Top-scoring charter school named for UCLA professor
A four-year-old high school that became a 2009 California Distinguished School was formally named today for a respected expert on education and business management and his civic activist spouse.
The new William and Carol Ouchi High School is in its first school year in its new, $17-million Hyde Park-area campus, which was built in 56 days, officials said. The simple, two-story structure has two computer labs and updated technology hookups, but no cafeteria, no gym and limited recreation space on its 2.5-acre site, which includes an adjacent middle school.
The school’s test scores dipped slightly this year but its Academic Performance Index score of 799 ranks it among the best-scoring high schools in the Los Angeles Unified School District. The school is operated by the Alliance for College-Ready Public Schools, a locally based charter school management organization that also operates other high-scoring schools.
About 100 of the school’s original 189 ninth-graders will be in the school’s first graduating class this year, said Principal Ena LaVan. All graduates must fulfill entrance requirements to apply for the University of California/Cal State system. And the first class had to endure a temporary location and a stint in trailers while awaiting the completion of the campus.
Charters are independently run and free of some restrictions that govern traditional schools, including strict state school-construction rules that drive up construction costs and slow down the building process for schools built by L.A. Unified. Charters instead can erect their schools under city building codes.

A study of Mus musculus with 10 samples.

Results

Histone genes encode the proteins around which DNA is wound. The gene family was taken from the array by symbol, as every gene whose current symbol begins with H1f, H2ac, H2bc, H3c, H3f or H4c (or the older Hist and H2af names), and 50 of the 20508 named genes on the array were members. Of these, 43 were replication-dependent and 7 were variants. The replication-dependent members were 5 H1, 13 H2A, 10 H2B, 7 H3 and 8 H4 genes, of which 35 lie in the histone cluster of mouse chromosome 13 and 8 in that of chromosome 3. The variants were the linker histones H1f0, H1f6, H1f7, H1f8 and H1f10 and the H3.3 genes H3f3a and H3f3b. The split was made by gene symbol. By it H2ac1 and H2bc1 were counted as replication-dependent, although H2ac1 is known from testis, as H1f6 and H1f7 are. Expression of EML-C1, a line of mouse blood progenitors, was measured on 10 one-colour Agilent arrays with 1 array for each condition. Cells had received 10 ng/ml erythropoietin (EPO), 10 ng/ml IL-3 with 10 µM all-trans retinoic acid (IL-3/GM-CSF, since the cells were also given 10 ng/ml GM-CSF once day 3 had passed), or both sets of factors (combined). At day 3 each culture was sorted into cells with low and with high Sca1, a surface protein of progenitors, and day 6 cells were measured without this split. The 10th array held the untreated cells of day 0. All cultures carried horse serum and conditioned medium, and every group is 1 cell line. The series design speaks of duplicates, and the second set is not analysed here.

As a fundraising tool, the Alliance sells naming rights for its schools, and in this instance, Ouchi was nominated by former Mayor Richard Riordan, an education philanthropist and political power broker who has long relied on Ouchi, a UCLA professor, for expert guidance. Riordan has donated or committed a total of $2.8 million to Alliance schools.
Ouchi has long promoted a form of school decentralization. He says principals — not a school district central office — should make decisions on how to spend a school’s money and then be held accountable for the results. In his most recent book, “The Secret of TSL,” he chronicled how principals, especially in New York City, have used autonomy to reduce the total number of students that each teacher must manage in a year. He says this allows teachers to get to know and to better assist each student. Principals have accordingly reduced support and administrative staff to pursue this strategy — because it yields results, Ouchi wrote.
At his namesake school, Ouchi helped establish a Saturday business academy offering tutoring and enrichment classes to introduce students to potential careers.
Carol Ouchi has served on the boards of philanthropic organizations including the Santa Monica YWCA, Santa Monica College Foundation and Children’s Home Society.